Shifting Toward Business Practices to Address Human Rights: A Q&A with Caroline Rees

Shift President and Co-Founder Caroline Rees talks with Erb Institute about how companies can measure social performance, the mission of Shift and its most recent flagship project, Valuing Respect
Dec 11, 2018 4:00 PM ET

Shift is the leading center of expertise on the UN Guiding Principles on Business and Human Rights. As a mission-driven organization, Shift works with companies, governments and other agents of change—around the globe—to help build a world where business gets done with respect for people’s dignity. Shift President and Co-Founder Caroline Rees talked with the Erb Institute about how companies can measure social performance, the mission of Shift and its most recent flagship project, Valuing Respect.

We know that measuring social performance and human rights impact is hard for companies. Where do we begin?

Businesses—like most organizations—thrive on metrics and indicators. They use them all the time: to measure sales, marketing campaigns, employee performance, you name it. But when it comes to valuing the impacts that their actions and decisions have on people’s dignity, they often hit a wall.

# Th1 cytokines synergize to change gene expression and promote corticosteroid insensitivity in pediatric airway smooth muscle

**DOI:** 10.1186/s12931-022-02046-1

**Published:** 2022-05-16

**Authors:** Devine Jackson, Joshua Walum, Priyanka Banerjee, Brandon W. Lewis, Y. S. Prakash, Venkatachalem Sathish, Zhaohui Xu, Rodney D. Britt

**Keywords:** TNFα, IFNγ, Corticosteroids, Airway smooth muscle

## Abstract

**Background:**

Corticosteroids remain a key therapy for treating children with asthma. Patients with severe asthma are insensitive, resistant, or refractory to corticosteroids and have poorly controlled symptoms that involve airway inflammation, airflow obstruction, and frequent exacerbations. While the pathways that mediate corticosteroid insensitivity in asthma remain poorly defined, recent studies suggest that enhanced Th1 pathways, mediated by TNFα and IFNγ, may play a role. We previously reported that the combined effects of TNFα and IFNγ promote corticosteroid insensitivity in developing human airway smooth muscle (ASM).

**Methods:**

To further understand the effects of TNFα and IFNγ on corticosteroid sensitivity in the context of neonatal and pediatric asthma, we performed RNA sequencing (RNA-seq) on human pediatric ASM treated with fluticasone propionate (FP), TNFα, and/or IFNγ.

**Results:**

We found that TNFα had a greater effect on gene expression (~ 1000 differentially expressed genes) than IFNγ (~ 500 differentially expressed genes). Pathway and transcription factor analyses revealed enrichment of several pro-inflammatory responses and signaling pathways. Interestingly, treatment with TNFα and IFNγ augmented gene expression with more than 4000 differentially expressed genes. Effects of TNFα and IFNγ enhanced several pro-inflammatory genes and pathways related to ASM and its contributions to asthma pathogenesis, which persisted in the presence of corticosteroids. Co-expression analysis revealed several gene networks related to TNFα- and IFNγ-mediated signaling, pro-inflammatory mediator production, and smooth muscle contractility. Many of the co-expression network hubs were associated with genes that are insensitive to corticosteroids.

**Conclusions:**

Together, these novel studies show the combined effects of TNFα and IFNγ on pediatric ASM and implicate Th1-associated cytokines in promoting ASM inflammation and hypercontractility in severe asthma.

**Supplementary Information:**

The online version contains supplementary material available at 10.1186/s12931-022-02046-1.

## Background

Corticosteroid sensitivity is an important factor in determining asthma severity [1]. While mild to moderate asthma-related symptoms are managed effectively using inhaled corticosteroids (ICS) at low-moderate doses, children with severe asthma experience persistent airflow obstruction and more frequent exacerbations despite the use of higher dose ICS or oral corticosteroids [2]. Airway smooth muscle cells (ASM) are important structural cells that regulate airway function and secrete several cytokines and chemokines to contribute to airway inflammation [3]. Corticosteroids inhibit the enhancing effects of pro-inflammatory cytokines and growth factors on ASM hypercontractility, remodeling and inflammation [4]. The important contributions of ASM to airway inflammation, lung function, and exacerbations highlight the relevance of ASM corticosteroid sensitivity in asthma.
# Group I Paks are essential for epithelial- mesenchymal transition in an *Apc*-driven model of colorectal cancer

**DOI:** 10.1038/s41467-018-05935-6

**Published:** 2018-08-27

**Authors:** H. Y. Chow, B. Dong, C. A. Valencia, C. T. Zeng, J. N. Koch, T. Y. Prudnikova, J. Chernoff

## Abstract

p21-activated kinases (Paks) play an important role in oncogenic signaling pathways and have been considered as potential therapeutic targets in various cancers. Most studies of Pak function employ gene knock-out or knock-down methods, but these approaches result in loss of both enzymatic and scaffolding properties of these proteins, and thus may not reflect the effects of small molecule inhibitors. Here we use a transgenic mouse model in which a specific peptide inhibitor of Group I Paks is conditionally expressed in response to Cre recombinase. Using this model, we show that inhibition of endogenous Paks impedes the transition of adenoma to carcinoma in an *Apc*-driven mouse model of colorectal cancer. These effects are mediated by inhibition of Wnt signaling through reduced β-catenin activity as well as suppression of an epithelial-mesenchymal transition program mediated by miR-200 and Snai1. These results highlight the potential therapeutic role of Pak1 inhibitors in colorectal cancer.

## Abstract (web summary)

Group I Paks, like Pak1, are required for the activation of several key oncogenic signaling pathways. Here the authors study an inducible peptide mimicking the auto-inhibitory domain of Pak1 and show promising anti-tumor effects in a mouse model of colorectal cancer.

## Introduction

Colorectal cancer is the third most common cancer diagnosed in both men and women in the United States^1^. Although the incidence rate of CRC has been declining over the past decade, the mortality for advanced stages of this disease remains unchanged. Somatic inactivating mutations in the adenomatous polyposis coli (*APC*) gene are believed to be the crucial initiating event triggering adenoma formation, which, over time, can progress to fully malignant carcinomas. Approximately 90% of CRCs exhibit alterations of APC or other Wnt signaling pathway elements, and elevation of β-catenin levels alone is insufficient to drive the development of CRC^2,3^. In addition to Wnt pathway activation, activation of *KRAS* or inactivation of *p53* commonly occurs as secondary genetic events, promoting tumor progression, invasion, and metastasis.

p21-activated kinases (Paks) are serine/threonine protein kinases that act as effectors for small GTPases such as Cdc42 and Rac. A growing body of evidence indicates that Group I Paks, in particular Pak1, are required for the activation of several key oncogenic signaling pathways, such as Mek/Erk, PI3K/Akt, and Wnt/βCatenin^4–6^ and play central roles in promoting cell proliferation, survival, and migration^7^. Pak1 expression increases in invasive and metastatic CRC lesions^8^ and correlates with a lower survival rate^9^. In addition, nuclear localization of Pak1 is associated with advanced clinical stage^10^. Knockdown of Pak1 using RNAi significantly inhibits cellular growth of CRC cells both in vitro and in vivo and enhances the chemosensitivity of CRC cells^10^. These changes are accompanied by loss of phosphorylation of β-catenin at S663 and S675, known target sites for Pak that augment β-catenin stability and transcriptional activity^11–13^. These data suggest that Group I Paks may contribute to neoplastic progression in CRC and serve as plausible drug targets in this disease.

They simply do not know how to express the value of concepts that are largely qualitative and subjective. And they often miss the fact that qualitative information has great value if it is read correctly. For years, the easy answer has been to measure activities and their immediate outputs: the number of audits performed in their supply chains, the amount of dollars destined to social responsibility, the hours of training sessions delivered, or numbers of contracts with human rights clauses. But that doesn’t really tell us the most critical thing: Are companies truly making a difference?

If you are an investor, how can you tell what companies to have in your socially responsible portfolio? If you are an advocate, how do you know whether a business is taking its responsibility seriously and implementing actions that are actually incentivizing change?
The question of “Where do we begin?” is really what our latest flagship project, Valuing Respect, is all about.
Can you tell us more about Valuing Respect?
At its core, Valuing Respect is a collaborative platform to ask the question collectively of us all: How do we find more useful, more insightful and more valuable ways of understanding what is working? Unless we do that, resources will continue to be funneled into initiatives that don’t make a difference and insufficient resources put into initiatives that do. Valuing Respect is about bringing together bodies of research, experience, insight and practice to address this question of how to do a better job of evaluating business respect for human rights.